Contract Brings Jet Operations to Airline
Teamster pilots with Horizon Air who are members of Local 1224 in Wilmington, Ohio, voted by a 2-1 margin to ratify a collective bargaining agreement that will bring jet flying back to the airline. There are approximately 576 Teamster pilots at Horizon Air.
The agreement will provide for pay increases throughout the life of the agreement and provides for the implementation of a preferential bid system (PBS) with language that is the best in the regional industry and on par with that at major airlines.
The vote to ratify the tentative agreement happened shortly after Horizon’s parent company, Alaska Air Group, said it expects to place an order for 30 large regional jets in the first quarter of 2016. The fleet will transition from an all-turboprop to a mixed jet/turboprop fleet.
On February 8, Alaska Air Group announced that they will be purchasing regional jets and are in talks with Bombardier (CRJ-900) and Embraer (E-175). The company has not placed an order with either company but expects to announce their decision shortly. The jets are expected to enter service in the first quarter of 2017 and will vastly expand regional service for the airline, operated by Horizon Air.
According to the International Air Transport Association, the airline industry is expected to service over 3.8 billion passengers in 2017, the result of demand for the industry growing by over 30 percent in the past five years. These will be a boon for regional carriers like Horizon, who will likely need to expand its workforce to keep up with passenger demand. Thanks to the new agreement, the Teamsters now have access to that growing work.
“It was really important to get the jet work back into the contract,” said Capt. John Owens, a nine-year pilot at Horizon Air. “This work will allow the union to grow and flourish for years to come as the industry expands.”
Owens and other pilots at Horizon Air are also pleased with the inclusion of language that clarifies work rules and hours for reserve pilots, a major improvement in work conditions.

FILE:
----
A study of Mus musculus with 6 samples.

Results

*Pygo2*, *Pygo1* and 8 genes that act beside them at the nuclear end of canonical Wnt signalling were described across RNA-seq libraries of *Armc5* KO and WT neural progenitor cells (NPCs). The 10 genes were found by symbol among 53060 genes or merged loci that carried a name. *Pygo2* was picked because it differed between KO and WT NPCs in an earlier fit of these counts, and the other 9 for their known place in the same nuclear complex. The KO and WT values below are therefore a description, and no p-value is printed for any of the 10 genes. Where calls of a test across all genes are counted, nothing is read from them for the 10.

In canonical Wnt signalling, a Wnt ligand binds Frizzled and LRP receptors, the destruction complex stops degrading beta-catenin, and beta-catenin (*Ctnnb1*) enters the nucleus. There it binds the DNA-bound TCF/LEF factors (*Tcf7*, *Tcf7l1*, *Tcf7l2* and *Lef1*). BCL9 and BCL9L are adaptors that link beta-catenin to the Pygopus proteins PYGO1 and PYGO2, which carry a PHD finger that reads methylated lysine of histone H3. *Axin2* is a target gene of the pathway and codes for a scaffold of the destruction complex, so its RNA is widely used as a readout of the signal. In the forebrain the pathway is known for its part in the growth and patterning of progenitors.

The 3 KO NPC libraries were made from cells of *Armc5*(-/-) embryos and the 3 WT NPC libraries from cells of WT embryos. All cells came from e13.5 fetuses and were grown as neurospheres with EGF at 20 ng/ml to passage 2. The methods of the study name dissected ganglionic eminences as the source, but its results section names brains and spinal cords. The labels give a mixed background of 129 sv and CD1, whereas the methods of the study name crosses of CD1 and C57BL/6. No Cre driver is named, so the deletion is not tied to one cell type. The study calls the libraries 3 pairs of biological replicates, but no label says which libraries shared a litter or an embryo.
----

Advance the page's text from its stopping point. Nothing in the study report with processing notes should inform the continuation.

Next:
“The new rules surrounding reserve pilots and their hours will mean a major increase in my quality of life,” Owens said. “These rules came about because of the strength the Teamsters displayed in negotiations. I was really pleased and impressed at how the union representatives handled themselves and our business in negotiations. They came in at a point where morale was quite low. Layoffs were a distinct possibility. The company had agreed to a preliminary agreement, but then pulled the rug out from underneath us at the last minute and renounced their end of the bargain.”
Negotiating Committee Works Together to Achieve Goals
Owens and other pilots on the Horizon Executive Council Negotiating Committee worked extensively with Teamster representatives, who brought lots of positive energy to the negotiating table. This marked a change in momentum for the negotiations, a change that resulted in the agreement and ratification of an eight-year agreement.
“This contract saved jobs and guaranteed Teamsters long-term employment,” Owens said. “I’m quite grateful that I will continue to work under a Teamster contract for the next eight years and that I’ve got the strength of the union behind me.”
The contract provides wage increases across the board for the life of the agreement. To Teamsters like Brian P. Miller, a check airman at Horizon and a captain since 2012, a raise goes a long way for his family.
“The ratified contract gives me and my family stability in what would’ve been a potentially economically rocky future without steady employment,” Miller said. “This contract is a fantastic investment for regional airliners. This new agreement, coupled with the jet announcement, will allow younger pilots to come to Horizon Air for a lengthy, satisfying career.”
“This wouldn’t have been possible without the unity that the committee displayed during negotiations. The committee handled negotiations exceptionally and they had the full support of the bargaining unit,” Miller said. “I’m happy that I’m going back to work under the new agreement, and I’m even happier that I’m able to help support my family with my union job.”
“I want to commend Local 1224 and the negotiating committee for their hard work at the table that led to this strong agreement. We look forward to continuing to work together as a team to ensure that all pilots at Horizon Air are represented to the fullest,” said Capt. David Bourne, Director of the Teamsters Airline Division.
“The Horizon pilots have been in negotiations with the company to bring jet flying back to Horizon Air for some time,” said Daniel C. Wells, President of Local 1224. “It has been the union’s position that jet flying is a good business decision for Horizon Air and enables the company to offer a better product to its customers. We are happy that we were able to work with the company to find solutions for growth that meet the needs of the pilots and the company alike.”